Stuff You Missed in History Class

Stuff You Missed in History Class

United States

Who was Hypatia of Alexandria? What was the Flannan Isles disappearance? Join Holly and Tracy as they bring you the greatest and strangest Stuff You Missed In History Class in this podcast by


A Cruise Through History's Ghost Ships  

There have been numerous instances of ships found adrift with no one on board. Four such ghost ships are featured here.

Vincent Price: A Talk With His Daughter Victoria Price  

If you only know of Vincent Price from his films, you may be surprised by his rich life story, as shared by his daughter Victoria Price.

Interview: Anne Byrn's 'American Cake'  

Baking expert Anne Byrn joins Holly to talk about the place of cake in the U.S. history, from the early colonies right up to the modern era.

Le Théâtre du Grand-Guignol  

From 1897 to 1962, a small theater in Paris gave became famous for its grisly, terrifying plays.

The Orphan Tsunami  

In January of 1700, a tsunami struck the coast of Japan. It took a while -- a long while -- to figure out where the catalyzing earthquake had been.

Vardø Witch Trials  

At the height of Europe's witch trials, the northern coast of Norway had a disproportionate number of executions for sorcery.

The Bell Witch  

In the early 1800s, a family in Tennessee allegedly experienced what seemed to be a haunting on their family farm.

The Cod Wars  

A fishing territory dispute between Iceland and the U.K. started off with a cordial tone, but escalated into a serious conflict.

SLCC Live! Robber's Roost, Outlaw Hideout  

Robber's Roost was a safe haven for outlaws, including Butch Cassidy's Wild Bunch. Learn about Robber's Roost from Stuff You Missed in History Class.

The New Orleans 1900 Race Riot  

In July 1900, an interaction between New Orleans police and two black men set off a chain of horrific events.

SLCC Live! How Historical Fiction Gets Made  

Tracy and Holly with authors Bryan Young, E.B. Wheeler and Brian McClellan at SLCC about how they weave historical inspiration into their work.

Mary Alice Nelson, aka Molly Spotted Elk  

Molly was born on Indian Island, Maine, and she turned to dance to help her family make ends meet. But because audiences and companies in the U.S. pushed her toward stereotypical depictions of Native Americans, she eventually took her dancing to France.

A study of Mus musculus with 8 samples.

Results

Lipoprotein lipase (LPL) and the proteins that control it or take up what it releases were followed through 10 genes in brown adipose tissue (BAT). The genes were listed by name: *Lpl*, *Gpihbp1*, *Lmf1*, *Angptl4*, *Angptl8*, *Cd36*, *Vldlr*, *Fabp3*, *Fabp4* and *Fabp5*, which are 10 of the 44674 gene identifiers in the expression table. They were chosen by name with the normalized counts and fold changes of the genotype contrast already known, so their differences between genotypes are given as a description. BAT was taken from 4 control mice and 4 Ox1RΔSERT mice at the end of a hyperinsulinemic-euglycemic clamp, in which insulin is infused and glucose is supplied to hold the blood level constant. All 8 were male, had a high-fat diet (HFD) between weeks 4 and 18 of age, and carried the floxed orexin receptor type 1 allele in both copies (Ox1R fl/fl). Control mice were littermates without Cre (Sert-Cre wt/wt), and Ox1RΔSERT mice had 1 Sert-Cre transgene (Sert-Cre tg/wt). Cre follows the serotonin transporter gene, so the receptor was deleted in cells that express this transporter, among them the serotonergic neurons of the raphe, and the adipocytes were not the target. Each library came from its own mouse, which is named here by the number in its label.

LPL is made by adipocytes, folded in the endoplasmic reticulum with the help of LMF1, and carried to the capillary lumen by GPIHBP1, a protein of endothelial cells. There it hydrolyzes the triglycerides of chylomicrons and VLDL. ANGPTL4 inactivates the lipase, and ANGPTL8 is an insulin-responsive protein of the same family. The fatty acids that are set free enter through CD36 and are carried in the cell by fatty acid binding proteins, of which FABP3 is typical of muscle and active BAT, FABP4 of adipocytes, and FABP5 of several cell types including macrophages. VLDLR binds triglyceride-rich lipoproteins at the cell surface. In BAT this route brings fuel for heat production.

Live at the DMA: Pierre de Coubertin and the Modern Olympics  

Coubertin's vision to unite the world through sport launched the modern Olympic Games. But those first few times out, things weren't always smooth.

John Brown's Raid on Harper's Ferry  

John Brown's raid on Harper's Ferry, Virginia, set out to create an armed revolution of emancipated slaves. Instead, it became a tipping point leading to the U.S. Civil War.

The Montgolfier Brothers and Their Balloons  

As man was looking to the skies and yearning to fly, two inventive brothers came up with an idea to set humans aloft.

The London Match Girls Strike of 1888  

The London Match Girls Strike of 1888 was an important labor rights event, when factory workers protested hazardous and unfair working conditions.

Preliminary Emancipation Proclamation with John B. King  

Secretary of Education Dr. John B. King Jr. discusses the Preliminary Emancipation Proclamation.

Thomas Day’s Quest for the Perfect Wife  

Thomas Day decided that the only way to have a perfect wife was to create one. So he adopted two orphans and attempted to train them.

The Boy Jones, After Buckingham  

Even though Edward Jones served two prison sentences for his intrusions into Buckingham palace, it seems that the authorities were willing to do almost anything to keep him away from London.

The Boy Jones, Queen Victoria's Persistent Intruder  

Not long after young Victoria became queen, a young man got into Buckingham Palace, wandered around, and attempted to steal several items. It was merely the first of many visits to the palace he would make.